By Michelle Boorstein and William Wan
Washington Post Staff Writers
Wednesday, November 24, 2010; 7:19 AM
The Vatican appeared to open the door Tuesday to a broader discussion about the acceptable uses of condoms, saying people in sexual relationships can use them as a last resort when one partner is infected with HIV.
The comments from the Vatican's spokesman came three days after excerpts of a book about Pope Benedict XVI quoted him as saying that prostitutes could use condoms to keep from spreading the virus. The book excerpts and the Vatican's efforts to clarify their meaning have triggered global debate among Catholic theologians, with some saying that the pope had made a major shift on contraception and others saying he was simply restating the importance of protecting human life.
In the past, official church teaching has banned condom use in all circumstances. A year ago, Benedict infuriated many AIDS experts by saying condoms were exacerbating the HIV problem, not helping to fight the disease.
Speaking at a Vatican news conference Tuesday, the Rev. Federico Lombardi told reporters that he had asked the pope whether he intended in the book to refer only to male prostitutes - a question that came up because of different translations of the book and ambiguous pronouns. Benedict replied that gender really doesn't matter and that the important thing was that the person in question takes into consideration the life of the other, Lombardi said.
"I personally asked the pope if there was a serious, important problem in the choice of the masculine over the feminine," Lombardi said. "He told me 'no.' . . . It's the first step of taking responsibility, of taking into consideration the risk of the life of another with whom you have a relationship.
"This is if you're a man, a woman or a transsexual. We're at the same point. The point is it's a first step of taking responsibility, of avoiding passing a grave risk onto another," Lombardi said.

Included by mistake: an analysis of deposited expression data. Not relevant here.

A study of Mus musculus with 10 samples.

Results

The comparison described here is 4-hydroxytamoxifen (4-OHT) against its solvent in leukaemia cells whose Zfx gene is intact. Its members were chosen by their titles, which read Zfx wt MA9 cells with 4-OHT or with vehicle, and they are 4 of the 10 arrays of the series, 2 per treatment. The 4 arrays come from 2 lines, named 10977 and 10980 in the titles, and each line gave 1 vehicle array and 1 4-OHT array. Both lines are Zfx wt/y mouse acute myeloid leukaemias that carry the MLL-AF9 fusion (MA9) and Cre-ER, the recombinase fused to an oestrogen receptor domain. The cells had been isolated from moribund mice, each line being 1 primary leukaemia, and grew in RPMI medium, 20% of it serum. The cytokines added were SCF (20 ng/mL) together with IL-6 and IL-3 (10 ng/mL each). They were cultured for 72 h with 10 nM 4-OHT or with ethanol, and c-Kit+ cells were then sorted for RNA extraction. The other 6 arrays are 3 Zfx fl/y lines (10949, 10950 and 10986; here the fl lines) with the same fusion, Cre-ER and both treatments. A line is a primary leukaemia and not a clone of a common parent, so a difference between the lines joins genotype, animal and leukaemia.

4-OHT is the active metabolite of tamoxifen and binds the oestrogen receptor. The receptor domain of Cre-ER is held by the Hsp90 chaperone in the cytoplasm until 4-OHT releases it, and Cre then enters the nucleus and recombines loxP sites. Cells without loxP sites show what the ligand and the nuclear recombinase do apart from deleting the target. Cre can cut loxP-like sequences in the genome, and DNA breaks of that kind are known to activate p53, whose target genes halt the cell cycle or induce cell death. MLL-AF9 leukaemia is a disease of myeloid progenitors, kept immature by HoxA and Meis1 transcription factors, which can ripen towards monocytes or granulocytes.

The brouhaha over the pope's remarks is hardly the first time the Catholic Church has made news - and sowed confusion - on the subject of birth control.
Church officials' arguments about contraception have shifted over the decades, depending on the technology being discussed and the pope at the helm.
In the 1960s, a Vatican commission studied the subject for years before recommending that the prohibition on artificial contraception be relaxed - a suggestion that was ultimately ignored. In 1987, a committee of U.S. bishops writing about how to deal with HIV said that "because we live in a pluralistic society" and not everyone limits sex to marriage, public education "could include accurate information about prophylactic devices or other practices" to prevent AIDS.
Some popes have argued that contraception is wrong because it is contrary to basic reproductive biology, while others have focused more on love and emotional aspects.
Peter Steinfels, a Catholic journalist and co-director of the Fordham Center on Religion and Culture, said Benedict's writings about contraception are notably different - and more subtle - than the arguments laid out in Humanae Vitae, the seminal papal paper by Pope Paul VI that reaffirmed a total ban on artificial forms of birth control.
Although Humanae Vitae emphasized that "each and every marriage act must remain open to the transmission of life," Benedict has focused in some less-publicized interviews on the value of children and the intrusion of technology into sexuality, Steinfels said.
"I think his teaching about this is more flexible and more focused on the question of someone's overall mental and spiritual outlook," he said.
Papal comments on birth control began in the early 20th century, spurred partly by the emergence of new methods and also by the decision of the Anglican Church to allow exceptions to its no-contraception rule and the subsequent acceptance of contraception by other Protestant denominations.
Opposition to birth control became an important marker of Catholic identity in the United States in particular, church historians said.
Church statements against early technologies, such as spermicides, focused on the problem with creating a physical barrier to fertilization, but that argument shifted with the introduction of birth control pills.
Debate about contraception raged at the church's highest levels in the 1960s, and the Vatican's commission recommendation that Pope Paul relax the ban leaked to a Catholic public open to modernization and change.
More than 600 theologians signed a protest against the pope's decision to reject the committee's recommendation.
"You saw two sides emerge, each demonizing the other," said Dennis M. Doyle, a church historian at University of Dayton. "For one group, it became the litmus test for orthodoxy. For the other, it was the litmus test in their minds for whether you were crazy and overboard."